By RHEA-FRANCES TETLEY
Beginning this month, the Community Action Partnership of San Bernardino County (CAPSBC) will be bringing boxes of food and other household supplies monthly to the mountain communities and continuing for the foreseeable future.
CAPSBC will be in Running Springs the second Tuesday at the Hootman Senior Center and in Crestline on the second Thursday of each month, currently distributed in Lake Gregory’s south shore parking lot. They have hopes of getting a location for distribution in the Twin Peaks area, but are still seeking a location.
Since the items are dry goods, they do not need refrigeration, just a place for their large truck to park with additional easily accessible parking for people to pick up the items, once a month.
CAPSBC actually traces its community involvement back to President Lyndon B. Johnson and his policies of community outreach in his War on Poverty, which he announced during his state of the union address in January of 1964. The War on Poverty was an expansive social welfare legislation, intended to help end poverty and hunger in the United States.
The Community Action Partnership until now has been providing food to 240 food banks in the Inland Empire communities but, since the loosening of the COVID restrictions, many of the smaller food pantries they supplied have closed down, so they have decided to go directly to the people and offer food distributions in the less populated areas, such as the mountains. Their goal is to share a spirit of hope and make America a better place for its residents to live.
They have a one-page intake sheet, mostly to verify the number of people they served, which only needs to be filled out the first time services are received, although they do not keep a check list, they said.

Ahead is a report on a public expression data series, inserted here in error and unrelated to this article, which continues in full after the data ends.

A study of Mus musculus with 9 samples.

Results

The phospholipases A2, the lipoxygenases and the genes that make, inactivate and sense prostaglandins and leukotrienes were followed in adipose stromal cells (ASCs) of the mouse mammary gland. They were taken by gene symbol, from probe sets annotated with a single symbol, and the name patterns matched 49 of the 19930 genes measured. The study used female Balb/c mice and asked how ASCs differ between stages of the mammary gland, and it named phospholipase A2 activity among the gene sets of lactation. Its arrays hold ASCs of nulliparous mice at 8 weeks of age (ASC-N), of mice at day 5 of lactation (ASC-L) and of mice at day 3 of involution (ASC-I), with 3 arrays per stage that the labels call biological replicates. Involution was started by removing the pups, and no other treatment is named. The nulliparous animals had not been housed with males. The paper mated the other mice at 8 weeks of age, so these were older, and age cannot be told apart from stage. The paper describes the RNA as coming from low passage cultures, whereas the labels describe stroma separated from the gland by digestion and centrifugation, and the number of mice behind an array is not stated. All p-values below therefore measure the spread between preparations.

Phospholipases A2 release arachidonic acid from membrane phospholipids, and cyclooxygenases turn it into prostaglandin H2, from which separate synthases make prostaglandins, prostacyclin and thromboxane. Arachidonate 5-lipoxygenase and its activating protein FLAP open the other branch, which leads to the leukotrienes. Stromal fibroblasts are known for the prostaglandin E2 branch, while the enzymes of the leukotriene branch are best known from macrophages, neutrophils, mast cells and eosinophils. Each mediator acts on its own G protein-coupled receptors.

“We like to give more than just one box of items to a person, so we usually also have additional items on a table for them to take,” said Donald Wilson of CAPSBC. This time, they were giving out KN95 masks and Lysol sanitizer wipes to everyone, plus a box of dry food items, including pasta, various tomato sauces, soup, canned sauces and fruits.
In addition, they let people choose from breakfast cereals, peanut butter, canned veggies, refried beans and potato chips, plus paper items such as toilet paper and paper towels. They also had some detergents, hand soap and dryer sheets. Some items they only had 50 of so it was first-come, first-served for those items and then, when out, they rotated in different items. The truck was full when they arrived. They were so generous that, when they left at 2 p.m., it was empty.
“We brought enough for over 150 recipients of the big boxes and then folks may choose several more of the more limited items. At this time, we plan to be at the locations from 11 a.m. to 2 p.m., weather permitting,” said coordinator Alejandro Montes. “This is a community outreach from the San Bernardino CAP, since so many food banks on the mountain have now closed.
“We receive the items directly from suppliers or manufacturers and we are looking for organizations to partner with in the mountains, but many of the volunteers have dried up, so we decided to do the outreach ourselves,” added Montes. “We could use some local volunteers who would like to help us distribute the items, once or twice a month,” he added. They could call (909) 723-1581 and ask for Montes and he will return their call if he is out in the field.
The Community Action Partnership of San Bernardino County is located in San Bernardino on Tippecanoe, with a mission “to support, advocate and empower residents to achieve self-reliance and economic stability.”